Whether or not brands are your friend, a lot of research has shown that people form weirdly deep connections to them. These consumers have a sense that certain brands represent who they are in important ways, and they often want to communicate that fact by displaying their allegiance to the brands in question. In a recent paper in Marketing Letters, a team led by Eunjin Kim of the Missouri School of Journalism wanted to examine brands from a different angle: What might cause people to avoid or downplay their connection to brands that are normally seen as prestigious?
First, the team had 117 undergrads name the brands with which they most strongly identified in a number of different categories, and then rate, on a scale of one to seven, “brand identification, brand prestige, brand distinctiveness, and ATSCI.” That last measure, ATSCI, is key — it stands for “attention to social comparison information,” and it “refers to a person’s degree of sensitivity to social comparison cues.” People with high ATSCI are more keen to these cues.
Then the researchers, drawing on the data they had already gathered, asked 391 students to complete an exercise in which they rated how much they preferred one T-shirt (well, an image of it) over another. For men, the T-shirts were Old Navy (seen as low prestige) or Polo (high); for women, they were Old Navy or Polo (again, high). Sometimes the shirts had small logos, and sometimes they had big logos.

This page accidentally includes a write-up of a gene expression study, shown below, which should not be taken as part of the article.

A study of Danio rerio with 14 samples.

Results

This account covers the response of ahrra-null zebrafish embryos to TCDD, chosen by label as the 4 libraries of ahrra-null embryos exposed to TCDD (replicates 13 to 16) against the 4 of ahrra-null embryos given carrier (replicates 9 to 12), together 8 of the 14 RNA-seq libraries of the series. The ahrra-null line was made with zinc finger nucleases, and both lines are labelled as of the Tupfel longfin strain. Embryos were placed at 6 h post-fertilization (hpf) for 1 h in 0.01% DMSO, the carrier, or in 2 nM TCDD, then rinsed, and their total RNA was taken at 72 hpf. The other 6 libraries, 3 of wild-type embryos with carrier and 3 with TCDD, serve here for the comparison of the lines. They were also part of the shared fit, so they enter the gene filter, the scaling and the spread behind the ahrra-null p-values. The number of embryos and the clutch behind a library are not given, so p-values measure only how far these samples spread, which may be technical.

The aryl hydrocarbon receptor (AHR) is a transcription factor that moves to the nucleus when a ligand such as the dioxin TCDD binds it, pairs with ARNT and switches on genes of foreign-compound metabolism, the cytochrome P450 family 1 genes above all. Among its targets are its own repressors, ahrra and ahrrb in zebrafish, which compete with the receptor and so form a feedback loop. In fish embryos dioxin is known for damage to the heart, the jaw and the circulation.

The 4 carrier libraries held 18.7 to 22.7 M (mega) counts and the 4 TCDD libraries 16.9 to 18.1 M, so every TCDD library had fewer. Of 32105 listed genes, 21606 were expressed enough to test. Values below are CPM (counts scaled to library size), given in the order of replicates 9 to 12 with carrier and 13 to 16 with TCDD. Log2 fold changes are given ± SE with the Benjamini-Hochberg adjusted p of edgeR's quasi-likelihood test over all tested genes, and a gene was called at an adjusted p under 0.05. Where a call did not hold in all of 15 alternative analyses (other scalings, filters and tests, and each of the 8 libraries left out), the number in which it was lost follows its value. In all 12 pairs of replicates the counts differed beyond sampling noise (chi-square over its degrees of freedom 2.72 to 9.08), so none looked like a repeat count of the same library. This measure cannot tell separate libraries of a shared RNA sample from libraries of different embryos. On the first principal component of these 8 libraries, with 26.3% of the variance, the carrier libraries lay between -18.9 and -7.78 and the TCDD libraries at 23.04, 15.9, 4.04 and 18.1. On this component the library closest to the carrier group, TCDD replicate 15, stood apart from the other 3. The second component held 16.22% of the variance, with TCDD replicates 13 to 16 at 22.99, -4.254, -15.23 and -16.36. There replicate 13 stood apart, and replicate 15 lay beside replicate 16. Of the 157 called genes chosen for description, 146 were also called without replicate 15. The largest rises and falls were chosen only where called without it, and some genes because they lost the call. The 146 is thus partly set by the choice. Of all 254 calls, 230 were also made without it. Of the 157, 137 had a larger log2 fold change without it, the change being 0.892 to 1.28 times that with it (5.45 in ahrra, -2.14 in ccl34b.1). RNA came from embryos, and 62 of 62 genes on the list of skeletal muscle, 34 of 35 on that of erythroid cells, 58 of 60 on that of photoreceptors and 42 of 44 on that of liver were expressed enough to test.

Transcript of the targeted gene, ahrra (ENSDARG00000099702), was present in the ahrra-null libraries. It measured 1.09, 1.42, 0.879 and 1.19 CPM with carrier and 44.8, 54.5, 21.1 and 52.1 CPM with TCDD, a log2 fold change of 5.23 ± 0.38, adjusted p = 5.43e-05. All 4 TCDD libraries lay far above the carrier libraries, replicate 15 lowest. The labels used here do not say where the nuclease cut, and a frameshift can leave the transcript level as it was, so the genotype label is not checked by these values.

For the Old Navy shirts, there was no correlation between a study participant’s level of ATSCI and logo-size preference. But students with high ATSCI — again, those who are more obsessive about social cues — were more likely to choose the smaller logos for the prestigious brands.
Here’s how the research attempt to explain this:
Our work … demonstrates that brand avoidance behaviors can also be engendered simply by social-evaluative uncertainty among high ATSCI consumers. Desiring assimilation with others, these individuals are chronically apprehensive about the reactions of their peers, a proposition verified by data from our preliminary studies. High ATSCI consumers consequently keep a low profile in their brand choices, preferring to blend in and not stand out, minimizing scrutiny and possible criticism from others.
The idea here is that the more sensitive you are to social comparisons, the more risk-averse you are when figuring out which brand associations to display. ”[High ATSCI] individuals are anxious to protect their current social status and are not necessarily looking to improve their social status,” the researchers write.
I guess if someone came up to you after work and said, “You think you have the right to wear a Polo shirt?!” that would be pretty embarrassing.